The government “will not simply stay idle” in its relations with North Korea, Foreign Minister Yohei Kono said Thursday, noting that Tokyo is ready to reopen stalled normalization talks with Pyongyang following its recent moves to open up to the outside world.
In a joint interview with reporters, Kono, who retained his position in Prime Minister Yoshiro Mori’s new Cabinet, said Tokyo will try to choose the optimum time to resume the talks, which have been postponed since May.
“We don’t view the postponement as a breakup of the negotiations,” Kono said. “The government will not simply stay idle. We are closely watching North Korea’s moves.”
Tokyo-Pyongyang normalization talks resumed in April for the first time in nearly eight years, but the second round, which was to be held in Tokyo the following month, was postponed indefinitely.
Major stumbling blocks remain, notably the alleged abduction by North Korea of nearly a dozen Japanese nationals in the 1970s and 80s and Pyongyang’s demands for an apology and compensation for Japan’s 1910-1945 colonial rule of the Korean Peninsula.
Citing the unprecedented inter-Korean summit last month, as well as North Korean media reports that suggest a positive response to Japan’s calls for resumption, Kono said, “There will be ample opportunities for the resumption of negotiations.”
At the landmark June 13-15 summit in Pyongyang, South Korean President Kim Dae Jung and his northern counterpart, Kim Jong Il, signed an agreement to work toward the eventual reunification of the Korean Peninsula.
The agreement paves the way for the reunion of some of the tens of thousands of families that have been separated since the 1950-53 Korean War.
Japan believes the inter-Korean summit may lead to a thawing of relationships between the North and Japan.
Kono, however, did not specify a timetable for future talks, or how North Korea could be persuaded to reopen negotiations.
Kono denied recent reports that the government is considering increasing rice aid to Pyongyang above the 100,000 tons offered in March. As for relations with Russia, Kono underlined the importance of concluding a bilateral peace treaty and resolving a long-standing territorial row over four tiny Russian-held islands off Hokkaido.
“In Japan-Russia relations, our former leaders have built a basis of bilateral ties, including the agreement we are striving to fulfill by the end of 2000,” Kono said.
Tokyo and Moscow pledged in the 1997 Krasnoyarsk agreement to conclude a bilateral peace treaty by the end of this year after resolving their territorial dispute.
“During the first half of this year, following the resignation of former President (Boris) Yeltsin, the two governments concentrated on confirming the effectiveness of the series of agreements our predecessors hammered out,” Kono said. “Prime Minister Mori and President (Vladimir) Putin have already confirmed this.”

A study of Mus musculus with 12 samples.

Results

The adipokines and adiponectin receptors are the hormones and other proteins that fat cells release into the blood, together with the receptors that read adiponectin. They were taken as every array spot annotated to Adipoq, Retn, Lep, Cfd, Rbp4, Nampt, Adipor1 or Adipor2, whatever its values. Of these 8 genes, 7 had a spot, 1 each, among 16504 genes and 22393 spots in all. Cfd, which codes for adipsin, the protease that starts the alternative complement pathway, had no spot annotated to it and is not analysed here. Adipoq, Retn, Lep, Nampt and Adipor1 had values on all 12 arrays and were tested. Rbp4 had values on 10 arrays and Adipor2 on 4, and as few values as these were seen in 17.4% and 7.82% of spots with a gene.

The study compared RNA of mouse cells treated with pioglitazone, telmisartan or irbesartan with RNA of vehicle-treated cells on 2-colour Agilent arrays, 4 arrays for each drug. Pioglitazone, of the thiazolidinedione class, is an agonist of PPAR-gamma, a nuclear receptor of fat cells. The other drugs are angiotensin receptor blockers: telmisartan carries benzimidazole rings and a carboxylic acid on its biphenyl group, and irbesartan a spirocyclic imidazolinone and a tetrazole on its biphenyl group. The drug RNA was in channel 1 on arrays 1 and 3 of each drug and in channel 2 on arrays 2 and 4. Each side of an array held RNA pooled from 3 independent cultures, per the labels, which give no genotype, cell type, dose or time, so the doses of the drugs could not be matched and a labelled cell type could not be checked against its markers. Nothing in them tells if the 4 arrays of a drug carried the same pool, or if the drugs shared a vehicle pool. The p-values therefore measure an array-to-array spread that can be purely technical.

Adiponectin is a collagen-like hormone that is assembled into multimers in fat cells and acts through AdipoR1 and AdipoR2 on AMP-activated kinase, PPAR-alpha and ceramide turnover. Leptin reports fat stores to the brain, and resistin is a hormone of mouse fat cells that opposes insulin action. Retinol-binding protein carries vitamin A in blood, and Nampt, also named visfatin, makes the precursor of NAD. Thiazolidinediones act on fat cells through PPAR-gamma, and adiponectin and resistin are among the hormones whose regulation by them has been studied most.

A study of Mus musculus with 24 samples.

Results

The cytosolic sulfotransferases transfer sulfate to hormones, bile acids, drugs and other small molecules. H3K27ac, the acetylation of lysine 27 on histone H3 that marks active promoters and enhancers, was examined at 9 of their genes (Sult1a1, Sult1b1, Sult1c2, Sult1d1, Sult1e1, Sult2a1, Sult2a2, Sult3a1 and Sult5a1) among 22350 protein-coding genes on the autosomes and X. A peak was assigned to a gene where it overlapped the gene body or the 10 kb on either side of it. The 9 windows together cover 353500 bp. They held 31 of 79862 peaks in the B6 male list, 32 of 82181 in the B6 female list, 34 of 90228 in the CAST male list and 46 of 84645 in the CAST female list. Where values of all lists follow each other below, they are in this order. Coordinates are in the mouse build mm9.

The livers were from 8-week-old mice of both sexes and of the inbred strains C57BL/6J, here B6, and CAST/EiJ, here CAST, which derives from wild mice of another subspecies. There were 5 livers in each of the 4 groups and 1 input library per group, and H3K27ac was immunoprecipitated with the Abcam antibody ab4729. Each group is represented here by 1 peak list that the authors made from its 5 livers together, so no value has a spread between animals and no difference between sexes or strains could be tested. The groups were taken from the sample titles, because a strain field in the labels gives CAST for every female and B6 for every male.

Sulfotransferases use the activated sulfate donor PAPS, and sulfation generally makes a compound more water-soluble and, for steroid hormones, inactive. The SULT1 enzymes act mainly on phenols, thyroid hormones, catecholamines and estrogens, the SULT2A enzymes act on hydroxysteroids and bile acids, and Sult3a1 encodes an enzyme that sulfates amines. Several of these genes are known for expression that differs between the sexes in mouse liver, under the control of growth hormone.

Kono stressed the importance of bilateral summit meetings between the two leaders, scheduled for the Okinawa summit and in early September in Tokyo.
Touching on the agenda for the upcoming Group of Eight foreign ministers’ meeting in Miyazaki, Kono said G8 efforts to tackle conflict prevention must be organized.
“Although one single G8 meeting would not bring perfect solutions in this field, Japan will address the need to combat poverty, which often becomes the cause of armed conflicts,” Kono said. “To this end, Japan will make a proposal to create a network between governments and nongovernmental organizations.”
In addition, United Nations reforms will be discussed at the Miyazaki conference, scheduled for Wednesday and Thursday, Kono said.
“Efforts to rehabilitate the Security Council have always failed due to conflicting views among the G8 (nations),” Kono said. “Japan, therefore, will try to lead discussions to implement the series of U.N. reforms, including the council’s reforms, improving the U.N. treasury and streamlining overlapping functions of U.N. organs,” Kono said.
Regarding the Security Council, fundamental structural reviews have long been urged for the 15-seat council, which consists of five permanent members and 10 rotating temporary ones.
The focal point has been the limited number of permanent members and its voting system for adopting resolutions that requires unanimous approval of the permanent five.
On financing the U.N. budget, there is growing dissatisfaction among Japanese officials about increasing the country’s share of U.N. expenses despite little progress in Japanese efforts to land a permanent Security Council seat. As the second-largest sponsor of the U.N., Japan’s share of the financial burden is more than 20 percent this year.
In another matter, Kono expressed regret over U.S. Secretary of State Madeline Albright’s decision not to attend the Miyazaki meeting so she can concentrate on Middle East peace talks at Camp David. He said her G8 colleagues will back up U.S. efforts in this area.